FDA approves Kalbitor for hereditary angioedema. Biotherapeutic drug company Dyax Corp. said Tuesday it received Food and Drug Administration approval to market Kalbitor [ecallantide] for treatment of the genetic disorder hereditary angioedema in patients 16 years and up. In patients with "the rare disorder," fluids accumulate "outside the blood vessels, which causes swelling in extremities, the intestinal tract, or airway."
The company said it entered a three-year deal with AmerisourceBergen Corp., a drug wholesaler, to set up an exclusive distribution network and call-center services for the drug. The FDA denied approval of the drug in March, seeking more safety data.
FDA approves OTC version of Zegerid. Merck & Co. and Santarus Inc. Reported that the Food and Drug Administration approved Merck's over-the-counter version of the Santarus prescription heartburn drug Zegerid [omeprazole and sodium bicarbonate]." For its part, Santarus "stands to receive a $20 million milestone must pay royalties on net sales of the over-the-counter drug to the University of Missouri.
FDA requests more research on Ampligen to treat CFS. Hemispherx Biopharma Inc. said the FDA "requested more research on its experimental treatment Ampligen." The company said two clinical studies "submitted with a new drug application for Ampligen, designed to treat chronic fatigue syndrome, weren't sufficient to prove the drug's efficacy" to the FDA, which also "requested at least one more study to show the drug works and to confirm its safety." The FDA also requested that Hemispherx resolve inspection issues at some of its manufacturing facilities that produce Ampligen.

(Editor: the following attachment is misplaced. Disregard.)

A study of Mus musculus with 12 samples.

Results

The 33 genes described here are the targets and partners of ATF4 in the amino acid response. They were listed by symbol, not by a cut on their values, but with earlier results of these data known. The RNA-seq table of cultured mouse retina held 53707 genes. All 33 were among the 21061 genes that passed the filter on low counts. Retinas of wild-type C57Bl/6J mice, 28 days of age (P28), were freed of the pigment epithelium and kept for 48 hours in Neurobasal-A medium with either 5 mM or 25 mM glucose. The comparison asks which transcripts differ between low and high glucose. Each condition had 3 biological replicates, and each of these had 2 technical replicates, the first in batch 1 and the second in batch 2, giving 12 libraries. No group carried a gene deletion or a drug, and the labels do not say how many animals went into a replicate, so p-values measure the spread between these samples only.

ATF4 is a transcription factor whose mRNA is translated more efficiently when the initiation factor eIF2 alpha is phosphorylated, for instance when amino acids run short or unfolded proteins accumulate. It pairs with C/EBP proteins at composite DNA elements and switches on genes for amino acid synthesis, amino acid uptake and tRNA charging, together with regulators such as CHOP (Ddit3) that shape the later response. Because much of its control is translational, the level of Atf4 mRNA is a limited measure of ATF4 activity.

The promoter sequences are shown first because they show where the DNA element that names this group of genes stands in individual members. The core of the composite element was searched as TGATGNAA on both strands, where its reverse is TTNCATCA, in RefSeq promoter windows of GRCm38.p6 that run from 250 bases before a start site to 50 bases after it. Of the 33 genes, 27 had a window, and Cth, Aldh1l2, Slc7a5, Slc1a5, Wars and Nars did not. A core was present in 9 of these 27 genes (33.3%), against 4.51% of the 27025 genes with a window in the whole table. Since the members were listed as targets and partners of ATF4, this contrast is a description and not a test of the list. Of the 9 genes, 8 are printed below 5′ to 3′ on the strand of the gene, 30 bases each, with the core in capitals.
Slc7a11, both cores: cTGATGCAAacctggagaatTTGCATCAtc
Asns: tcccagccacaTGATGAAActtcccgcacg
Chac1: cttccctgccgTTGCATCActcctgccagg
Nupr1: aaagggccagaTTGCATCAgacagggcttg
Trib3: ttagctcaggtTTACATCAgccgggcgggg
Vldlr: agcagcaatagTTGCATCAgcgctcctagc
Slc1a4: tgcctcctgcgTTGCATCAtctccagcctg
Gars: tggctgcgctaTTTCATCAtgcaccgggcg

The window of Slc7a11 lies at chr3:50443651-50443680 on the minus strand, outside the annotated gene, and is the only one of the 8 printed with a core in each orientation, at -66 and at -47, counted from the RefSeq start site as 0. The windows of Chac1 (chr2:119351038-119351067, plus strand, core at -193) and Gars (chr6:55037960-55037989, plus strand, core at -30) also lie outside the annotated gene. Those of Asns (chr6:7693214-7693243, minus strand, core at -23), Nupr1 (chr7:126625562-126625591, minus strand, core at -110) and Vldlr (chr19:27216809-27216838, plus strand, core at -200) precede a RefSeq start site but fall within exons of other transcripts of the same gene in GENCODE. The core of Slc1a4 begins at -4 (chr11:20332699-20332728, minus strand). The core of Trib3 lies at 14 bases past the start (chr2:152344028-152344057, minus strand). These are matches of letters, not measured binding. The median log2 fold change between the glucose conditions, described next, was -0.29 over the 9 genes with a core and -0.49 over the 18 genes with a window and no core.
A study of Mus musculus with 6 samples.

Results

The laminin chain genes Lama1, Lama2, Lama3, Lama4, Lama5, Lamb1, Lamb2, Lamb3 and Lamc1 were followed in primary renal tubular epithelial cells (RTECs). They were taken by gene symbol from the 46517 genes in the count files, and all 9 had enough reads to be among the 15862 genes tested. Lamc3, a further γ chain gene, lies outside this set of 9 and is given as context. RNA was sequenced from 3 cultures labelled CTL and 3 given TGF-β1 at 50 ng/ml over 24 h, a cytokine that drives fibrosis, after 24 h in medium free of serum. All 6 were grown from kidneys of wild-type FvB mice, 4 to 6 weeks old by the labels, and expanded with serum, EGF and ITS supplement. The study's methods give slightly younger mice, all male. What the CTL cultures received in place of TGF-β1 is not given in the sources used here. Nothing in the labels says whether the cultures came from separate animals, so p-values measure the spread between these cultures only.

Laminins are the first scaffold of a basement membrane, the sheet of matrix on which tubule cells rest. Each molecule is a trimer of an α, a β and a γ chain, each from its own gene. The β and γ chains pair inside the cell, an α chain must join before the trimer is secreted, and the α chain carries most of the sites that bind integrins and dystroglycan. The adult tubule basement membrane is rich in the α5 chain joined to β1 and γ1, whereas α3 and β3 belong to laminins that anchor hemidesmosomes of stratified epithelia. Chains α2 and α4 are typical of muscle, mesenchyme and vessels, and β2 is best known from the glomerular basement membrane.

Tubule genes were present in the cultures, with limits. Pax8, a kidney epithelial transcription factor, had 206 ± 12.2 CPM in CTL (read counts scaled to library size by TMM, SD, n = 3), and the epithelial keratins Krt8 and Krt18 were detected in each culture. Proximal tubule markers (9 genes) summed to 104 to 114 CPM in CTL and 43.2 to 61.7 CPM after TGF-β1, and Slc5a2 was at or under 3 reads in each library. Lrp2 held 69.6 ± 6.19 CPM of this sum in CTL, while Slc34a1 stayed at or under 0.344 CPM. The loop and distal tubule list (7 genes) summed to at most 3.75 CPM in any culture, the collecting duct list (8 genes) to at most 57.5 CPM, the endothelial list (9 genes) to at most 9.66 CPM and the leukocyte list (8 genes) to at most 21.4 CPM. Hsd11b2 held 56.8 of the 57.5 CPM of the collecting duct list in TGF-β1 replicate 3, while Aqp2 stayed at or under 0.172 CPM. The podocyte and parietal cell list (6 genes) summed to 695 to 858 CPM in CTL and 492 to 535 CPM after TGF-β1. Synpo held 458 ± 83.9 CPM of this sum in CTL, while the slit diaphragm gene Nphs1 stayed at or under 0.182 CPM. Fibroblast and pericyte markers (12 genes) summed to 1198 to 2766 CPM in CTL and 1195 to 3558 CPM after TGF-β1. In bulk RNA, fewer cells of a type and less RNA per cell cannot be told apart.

Aspirin therapy may raise recurrent peptic ulcer bleeding risk, lower mortality rates. Continuous low-dose aspirin therapy may increase the risk for recurrent peptic ulcer bleeding, but potentially lowers mortality rates, according to a paper in the Annals of Internal Medicine. Researchers in Hong Kong explained that "aspirin has been increasingly used as a treatment of cardiovascular and cerebrovascular diseases," but "it causes a two- to three-fold increase in the risk for dose-related peptic ulcer bleeding." Hence, the need for the current study in which, as expected, investigators observed that the "main endpoint of recurrent ulcer bleeding within 30 days occurred in 10.3% in the aspirin group and 5.4% in the placebo group." Still, "compared with patients who received placebo, patients who received aspirin had lower all-cause mortality rates."
Lead investigator Dr. Joseph JY Sung was also quick to point out that "the possibility that the difference in all-cause mortality is merely [due to] chance cannot be excluded. Along those lines, Dr. Dominick Angiolillo, of the University of Florida, maintains that "the mortality differences seen by Sung, et al., 'need to be taken with a grain of salt,'" considering it "is a secondary end point." The "other thing to keep in mind is that the study outcomes were evaluated out to eight weeks, and we do know that with bleeding, there can be potential clinical implications even long-term, beyond the eight weeks." Nevertheless, "cardiologists and gastroenterologists should be aware that there is a likelihood of increasing risk of cardiovascular death if aspirin is withheld for a prolonged period."